Sunday, January 26, 2014

R.I.P. Andy Trout.

Apologies for missing this notice, which was posted January 15. It remains my fond hope that someday, the newspaper will relent and permit me to pay it an on-line viewing fee without subjecting me to the onslaught of tasteless Hanson Ads in their variously intrusive pop-up, roll-over and audio varieties.

That said, Andy Trout was teaching history at IU Southeast during my tenure there (1978-82), and although I never had him as an instructor, he was a certified legend on campus. Later, when the Public House began in the early ninties, he came in often -- not to drink, but to hang out with the other professors.

At some point, I casually mentioned my interest in jazz and early recorded music, and it turned out that Andy was an avid devotee of popular dance music recorded by society orchestras of the 1920s and 1930s. It's an esoteric niche, to be sure; he'd bring cassette compilations, and I'd play them in the bar.

At least two of us enjoyed these times. It was my bar, after all.

Andrew P. Trout Jr., 83; Illinois

Private graveside services for Andrew P. Trout Jr., 83, Illinois, formerly of New Albany, and Des Moines, Iowa, will be at Glendale Cemetery, Des Moines. He died Wednesday, Jan. 8, 2014, at Pine View Care Center, St. Charles, Ill.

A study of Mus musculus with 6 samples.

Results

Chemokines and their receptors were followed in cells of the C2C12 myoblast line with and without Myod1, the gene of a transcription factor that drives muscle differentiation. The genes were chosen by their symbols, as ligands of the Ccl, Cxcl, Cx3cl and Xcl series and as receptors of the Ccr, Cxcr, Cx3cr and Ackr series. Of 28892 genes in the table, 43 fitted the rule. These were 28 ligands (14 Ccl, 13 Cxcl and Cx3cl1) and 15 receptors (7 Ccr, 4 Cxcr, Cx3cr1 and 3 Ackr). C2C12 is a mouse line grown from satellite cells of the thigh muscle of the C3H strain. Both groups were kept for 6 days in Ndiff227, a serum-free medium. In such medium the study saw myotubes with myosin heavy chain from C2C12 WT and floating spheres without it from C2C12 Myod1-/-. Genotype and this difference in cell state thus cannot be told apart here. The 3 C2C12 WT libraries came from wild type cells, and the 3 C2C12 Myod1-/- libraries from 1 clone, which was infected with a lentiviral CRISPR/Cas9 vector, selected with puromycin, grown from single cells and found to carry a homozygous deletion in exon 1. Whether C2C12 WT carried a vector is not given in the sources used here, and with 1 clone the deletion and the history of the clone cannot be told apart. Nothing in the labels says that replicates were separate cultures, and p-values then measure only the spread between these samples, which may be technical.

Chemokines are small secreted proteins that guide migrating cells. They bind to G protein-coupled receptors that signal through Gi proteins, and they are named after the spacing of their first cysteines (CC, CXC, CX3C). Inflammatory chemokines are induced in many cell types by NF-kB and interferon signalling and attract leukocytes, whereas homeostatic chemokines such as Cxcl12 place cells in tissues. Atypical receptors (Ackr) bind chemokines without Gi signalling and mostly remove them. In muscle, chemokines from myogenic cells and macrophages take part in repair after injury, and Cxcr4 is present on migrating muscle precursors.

He was born April 5, 1930 in Des Moines, the son of Andrew P. and Nelle Gertsch Trout. He served his country in the U.S. Army during the Korean War. He was a professor of History at Indiana University Southeast in New Albany for 25 years. Andrew loved teaching and with that passion, authored City on the Seine a chronicle and tableau of seventeenth century Paris, to give others the opportunity to experience, through his eyes, the city he loved.

He is survived by his brother John Trout and his wife, Lily, Geneva, Ill.; nephews, Michael and his wife, Patricia, Steven, Robert and his wife, Jeanne, and John and his wife, Muffet, and many other relatives and friends.

He was preceded in death by his parents.